Thursday, 1 November 2018

Stories from the Professional Theatre Training Program: Brendan McMurtry-Howlett

Our Professional Theatre Training Program (PTTP) offers financial support for unique and flexible training with a chosen mentor in any theatrical discipline (except performance.)

Brendan McMurtry-Howlett training in artistic direction with Jillian Keiley at the National Arts Centre of Canada in Ottawa

(October 24, 2018) Two weeks down, two weeks to go. As short as that time seems on paper, it feels as if I’ve been here for a month already with how much happens each day. I have loved every minute of it. Every day brings a new surprise and new challenge. My co-intern, Kate Smith and I have learned to stay agile as new problems and tasks are presented to us. Watching the whole team at the NAC work together has been a real lesson in fast thinking, hard work, and how to keep a sense of humour and lightness through it all.

In the first few days of the internship it was a bit overwhelming trying to grasp how the overall organization of the NAC works and how the English Theatre fits into it. It operates more like a small department in a large university than a standard theatre company. On top of trying to understand the inner workings of the NAC we were trying to keep pace with the amount of meetings, emails, and “Daily Dilemmas” that Jill deals with each day. It’s become clear how important good systems and organizational tools are to being able to process huge amounts of information as an artistic director.

Within a few days we acclimatized to the exhilarating pace with the help of the incredibly generous staff at the NAC, all of whom have willingly shared their time with us in the midst of the flurry of activity. We have sat in on all sorts of fascinating meetings, have assisted the constantly shifting process of programming next season (far more complicated than I could have anticipated), drafted plans for a few new initiatives English Theatre will be taking on, and have still had time for some deeper philosophical conversations on the nature of leadership. Everyday I have pages of notes, ranging from profound wisdom on leadership to little practical tidbits to stay on top of things. Here are a few of those tidbits I’ve received from Jill and the rest of the English Theatre staff:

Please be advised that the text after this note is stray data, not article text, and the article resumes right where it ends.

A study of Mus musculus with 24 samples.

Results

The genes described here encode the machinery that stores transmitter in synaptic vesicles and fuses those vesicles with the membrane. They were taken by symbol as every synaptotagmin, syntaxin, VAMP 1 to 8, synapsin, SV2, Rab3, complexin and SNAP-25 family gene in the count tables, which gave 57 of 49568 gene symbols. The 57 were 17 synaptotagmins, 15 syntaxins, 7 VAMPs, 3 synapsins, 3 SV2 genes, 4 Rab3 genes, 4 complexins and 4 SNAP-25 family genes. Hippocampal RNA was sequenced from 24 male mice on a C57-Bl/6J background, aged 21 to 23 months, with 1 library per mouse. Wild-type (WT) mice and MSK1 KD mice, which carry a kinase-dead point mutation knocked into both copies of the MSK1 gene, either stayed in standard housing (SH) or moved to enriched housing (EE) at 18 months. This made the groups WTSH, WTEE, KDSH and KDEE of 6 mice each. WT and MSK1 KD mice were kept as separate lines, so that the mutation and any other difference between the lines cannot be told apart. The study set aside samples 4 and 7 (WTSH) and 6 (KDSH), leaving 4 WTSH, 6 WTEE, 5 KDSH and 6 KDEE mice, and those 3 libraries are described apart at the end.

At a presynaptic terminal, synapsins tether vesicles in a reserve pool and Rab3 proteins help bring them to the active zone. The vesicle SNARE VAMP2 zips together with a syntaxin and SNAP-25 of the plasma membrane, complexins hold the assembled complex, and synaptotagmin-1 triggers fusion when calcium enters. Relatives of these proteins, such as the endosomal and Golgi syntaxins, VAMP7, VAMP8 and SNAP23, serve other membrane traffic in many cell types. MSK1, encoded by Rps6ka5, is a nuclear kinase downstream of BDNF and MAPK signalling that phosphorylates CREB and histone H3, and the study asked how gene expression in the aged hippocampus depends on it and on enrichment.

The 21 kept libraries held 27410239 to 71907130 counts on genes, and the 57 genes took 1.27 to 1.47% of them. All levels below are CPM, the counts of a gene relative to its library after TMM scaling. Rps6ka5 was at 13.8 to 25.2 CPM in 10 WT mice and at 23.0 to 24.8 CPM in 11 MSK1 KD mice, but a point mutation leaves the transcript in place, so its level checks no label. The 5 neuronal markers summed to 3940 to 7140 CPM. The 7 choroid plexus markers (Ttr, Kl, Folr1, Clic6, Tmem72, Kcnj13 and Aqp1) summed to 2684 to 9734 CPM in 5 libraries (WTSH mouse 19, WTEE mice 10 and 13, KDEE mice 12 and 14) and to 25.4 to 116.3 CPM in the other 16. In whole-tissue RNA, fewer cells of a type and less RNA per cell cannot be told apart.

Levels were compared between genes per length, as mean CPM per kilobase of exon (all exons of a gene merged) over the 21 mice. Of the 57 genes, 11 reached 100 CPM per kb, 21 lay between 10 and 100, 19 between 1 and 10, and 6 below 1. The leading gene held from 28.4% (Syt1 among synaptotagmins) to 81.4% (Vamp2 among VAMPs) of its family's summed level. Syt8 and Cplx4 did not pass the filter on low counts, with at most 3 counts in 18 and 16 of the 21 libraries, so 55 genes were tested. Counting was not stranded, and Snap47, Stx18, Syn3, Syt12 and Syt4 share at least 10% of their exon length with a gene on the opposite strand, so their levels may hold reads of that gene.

Touch Paper Once – If you can, deal with a letter or an email when you first lay hands on it, rather than laying it to the side to be dealt with latter. It will take more time and brain energy to think about it again, pick it back up, and deal with it, than it is to just deal with it immediately.

Programming Priorities – Keep an explicit list of priorities beside you when programming your season. There will be ample pressure from other departments to program based on the bottom line and keeping this list will help you stay true to your programming priorities.

Working TOWARDS Something – This is the idea that in this kind of leadership role, it is unrealistic to believe that you will be able to accomplish something in any kind of finalized way. You are always working TOWARDS something, as the ground constantly shifts under your feet. It is acknowledging that the goal is not to arrive, but to keep striving and improving with your eyes on the horizon.

Meditation – When you hit the point in the day when you feel tired, or overwhelmed by stress and tasks, a quick 8-minute meditation will do wonders for you.

Take Walking Meetings – Whenever it is feasible, take your meeting on a walk. It changes scenery and gets the blood moving.

Related Reading:

The next application deadline for the Professional Theatre Training Program is March 1, 2019.

Theatre Ontario’s Professional Theatre Training Program is funded by the Ontario Arts Council, an agency of the Government of Ontario.